There have been just four entries in the Alien franchise, not counting the incoherent fanwankery of Prometheus or the comic book nonsense of the Predator crossover movies. Of these, only one - James Cameron's excellent 1986 sequel Aliens - features an emphasis on gunplay and shooting.
Compare and contrast. There have been, by my reckoning and once again ignoring any Predator-related versus matches, around 18 games based on the Alien series. Of these, almost all feature lots of gunplay and shooting. Gearbox's Aliens: Colonial Marines at least has an excuse, based as it is on Cameron's allegorical war movie. Alien 3, a movie which rather pointedly featured no guns whatsoever, spawned an arcade game simply called Alien 3: The Gun. Such is the one-track mind of the games industry.
It wasn't always this way though. Way back in 1984, Ridley Scott's original movie got a remarkably faithful adaptation for various 8-bit home computers. Taut and tense, it's best described as a survival horror strategy game, where you guide the various crew members of the Nostromo around the confines of the ship, trying to evade the vicious xenomorph prowling the corridors and ducts.
There's certainly not much to get excited about in the visual department. A stark top-down map of the Nostromo is your playfield, with basic stick figures representing the human occupants. A crudely formatted menu, with many of its options confusingly abbreviated to fit the available space, occupied the right hand side of the screen. From here, you could switch control to any of the surviving crew members and tell them what to do.
Your options were limited, but always logical. There were only a handful of usable items, but each was worth grabbing. A tracker pings out a warning if the alien is nearby. A couple of incinerators are your only defence against the creature - useful in an emergency but of limited use for a head-on assault. A fire extinguisher proved handy should the alien find its way into a vital system and start causing damage. There's even a catbox so you can catch Jones the cat, who pops up in random locations. It was a claustrophobic sandbox, where you could enact your own plan for survival.
Or at least you could try. Despite its threadbare appearance, Alien featured more than one innovative feature and one of these was something called Personality Control System. This meant that each crew member displayed basic emotions and personality traits, broadly in line with their character in the movie, and these would inform their response to your commands. For example, Lambert, played in the movie by Veronica Cartwright, is nervous and easily spooked. In the game, if things get too intense, she might refuse to move into the next room or enter a duct.
Make no mistake, this was - and still is - a creepy and scary game. The alien itself only appears as a looped animation, triggered whenever a crew member is in the same room as the beast, but its presence is felt throughout the game. With such basic visuals, the game instead turned to sound to crank up the tension. As you moved around, you would hear doors opening in other areas of the ship, or the sound of duct grilles being removed.
Played in isolation, these cheap 8-bit squawks and farts are meaningless, but in the context of the game it was a terrifying reminder that the alien is not only close by, but on the move. It's a simple trick, but a monstrously effective one, creating a mood of sustained panic and trepidation from the most rudimentary ingredients.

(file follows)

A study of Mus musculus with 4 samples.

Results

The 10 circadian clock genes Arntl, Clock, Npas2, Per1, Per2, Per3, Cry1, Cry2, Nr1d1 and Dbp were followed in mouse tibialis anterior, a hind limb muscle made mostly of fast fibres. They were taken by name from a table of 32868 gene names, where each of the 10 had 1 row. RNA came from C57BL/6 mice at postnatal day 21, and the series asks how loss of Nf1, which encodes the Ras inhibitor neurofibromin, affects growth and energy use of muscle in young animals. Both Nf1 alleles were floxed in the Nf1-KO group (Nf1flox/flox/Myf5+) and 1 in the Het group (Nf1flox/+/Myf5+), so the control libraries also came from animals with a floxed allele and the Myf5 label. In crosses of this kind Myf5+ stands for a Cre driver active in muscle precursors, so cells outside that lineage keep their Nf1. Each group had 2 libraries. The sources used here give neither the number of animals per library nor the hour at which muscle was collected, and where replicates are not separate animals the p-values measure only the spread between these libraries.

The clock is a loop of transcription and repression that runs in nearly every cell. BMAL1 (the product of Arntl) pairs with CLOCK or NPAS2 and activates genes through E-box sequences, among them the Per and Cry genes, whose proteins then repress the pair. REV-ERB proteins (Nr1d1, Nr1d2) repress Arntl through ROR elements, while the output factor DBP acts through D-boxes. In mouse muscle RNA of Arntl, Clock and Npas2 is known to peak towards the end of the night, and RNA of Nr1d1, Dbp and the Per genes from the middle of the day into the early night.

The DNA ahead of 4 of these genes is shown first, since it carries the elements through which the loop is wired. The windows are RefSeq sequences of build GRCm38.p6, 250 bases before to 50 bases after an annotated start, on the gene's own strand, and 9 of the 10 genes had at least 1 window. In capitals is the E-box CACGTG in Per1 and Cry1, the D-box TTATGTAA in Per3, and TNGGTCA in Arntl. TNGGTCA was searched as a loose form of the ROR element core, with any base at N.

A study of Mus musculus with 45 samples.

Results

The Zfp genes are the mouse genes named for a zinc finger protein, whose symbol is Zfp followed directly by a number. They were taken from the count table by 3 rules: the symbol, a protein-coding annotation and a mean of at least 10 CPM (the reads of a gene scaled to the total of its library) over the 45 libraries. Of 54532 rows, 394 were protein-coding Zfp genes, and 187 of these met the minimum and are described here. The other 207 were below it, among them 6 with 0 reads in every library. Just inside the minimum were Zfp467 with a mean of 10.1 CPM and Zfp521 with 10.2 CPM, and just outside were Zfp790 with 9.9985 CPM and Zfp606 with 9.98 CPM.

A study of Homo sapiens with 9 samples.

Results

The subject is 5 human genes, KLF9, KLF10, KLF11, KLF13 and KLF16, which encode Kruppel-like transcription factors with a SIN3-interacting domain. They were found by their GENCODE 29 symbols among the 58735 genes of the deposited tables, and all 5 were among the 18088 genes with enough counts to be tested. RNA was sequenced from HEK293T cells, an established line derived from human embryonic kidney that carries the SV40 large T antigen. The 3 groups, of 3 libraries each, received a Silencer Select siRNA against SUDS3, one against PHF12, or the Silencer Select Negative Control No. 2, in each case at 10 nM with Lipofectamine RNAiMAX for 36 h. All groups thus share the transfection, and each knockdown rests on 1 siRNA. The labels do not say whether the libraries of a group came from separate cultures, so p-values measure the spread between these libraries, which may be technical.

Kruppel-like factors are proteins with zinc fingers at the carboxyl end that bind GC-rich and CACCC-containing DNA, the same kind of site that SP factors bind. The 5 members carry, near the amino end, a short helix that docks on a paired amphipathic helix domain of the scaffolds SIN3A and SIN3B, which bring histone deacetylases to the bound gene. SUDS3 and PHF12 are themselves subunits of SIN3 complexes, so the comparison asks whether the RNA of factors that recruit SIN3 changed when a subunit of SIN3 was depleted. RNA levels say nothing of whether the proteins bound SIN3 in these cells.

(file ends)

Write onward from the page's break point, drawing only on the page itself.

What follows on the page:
That, in itself, was pretty advanced stuff for 1984, but Alien had more tricks up its sleeve. This was a pioneering open-ended game, and one that wilfully deviated from the source material to keep you on your toes.
While most movie games stick slavishly to the script, Alien was a little engine of "what if?" fan fiction thanks to its random elements. The alien would hatch from a different crew member each time, and the identity of the treacherous company android would also shift from game to game. There were also multiple endings, with a variety of ways to defeat the alien and survive to enjoy the journey home. You could follow the script, set the Nostromo to self destruct and blast the alien out of the airlock before jumping in a shuttle. Or you could corner it and use your incinerators to kill it, at great risk to your crew.
The end of the game would offer a summary screen and a competence rating, judging your leadership skills and detailing the fate of each crew member, the Nostromo and the alien itself. It may be that dashing captain Dallas died immediately, host to the chestburster rather than hapless Kane. Ripley might fall to the slavering jaws of the alien, leaving Parker and Ash to team up against the monster. In the most unlikely - but tantalisingly possible - scenario, everybody would survive and the Nostromo would continue its voyage intact. All were possible, making it a game with near limitless replay appeal.
More than just an enjoyable trinket from a more innocent time, Alien remains a fantastic gameplay experience, the clunky graphics the only element that really betrays its age. Even played today, some thirty years on, Alien is still enormously impressive and it's little surprise that programmer John Heap would go on to explore the potential of flexible narratives and interchangeable casts even more ambitiously in the classic isometric adventure Where Time Stood Still.
What impresses most is that Alien managed to be so surprising, creative and effective even while being developed under the yoke of a major Hollywood license. A game-of-the-movie that manages to do justice to the spirit and tone of the source material while allowing players to completely rewrite the story on the fly? That's a remarkable achievement, regardless of the decade. If the imminent arrival of Colonial Marines has got you hungering for interactive xenomorph action, you really should fire up an emulator and give it a try.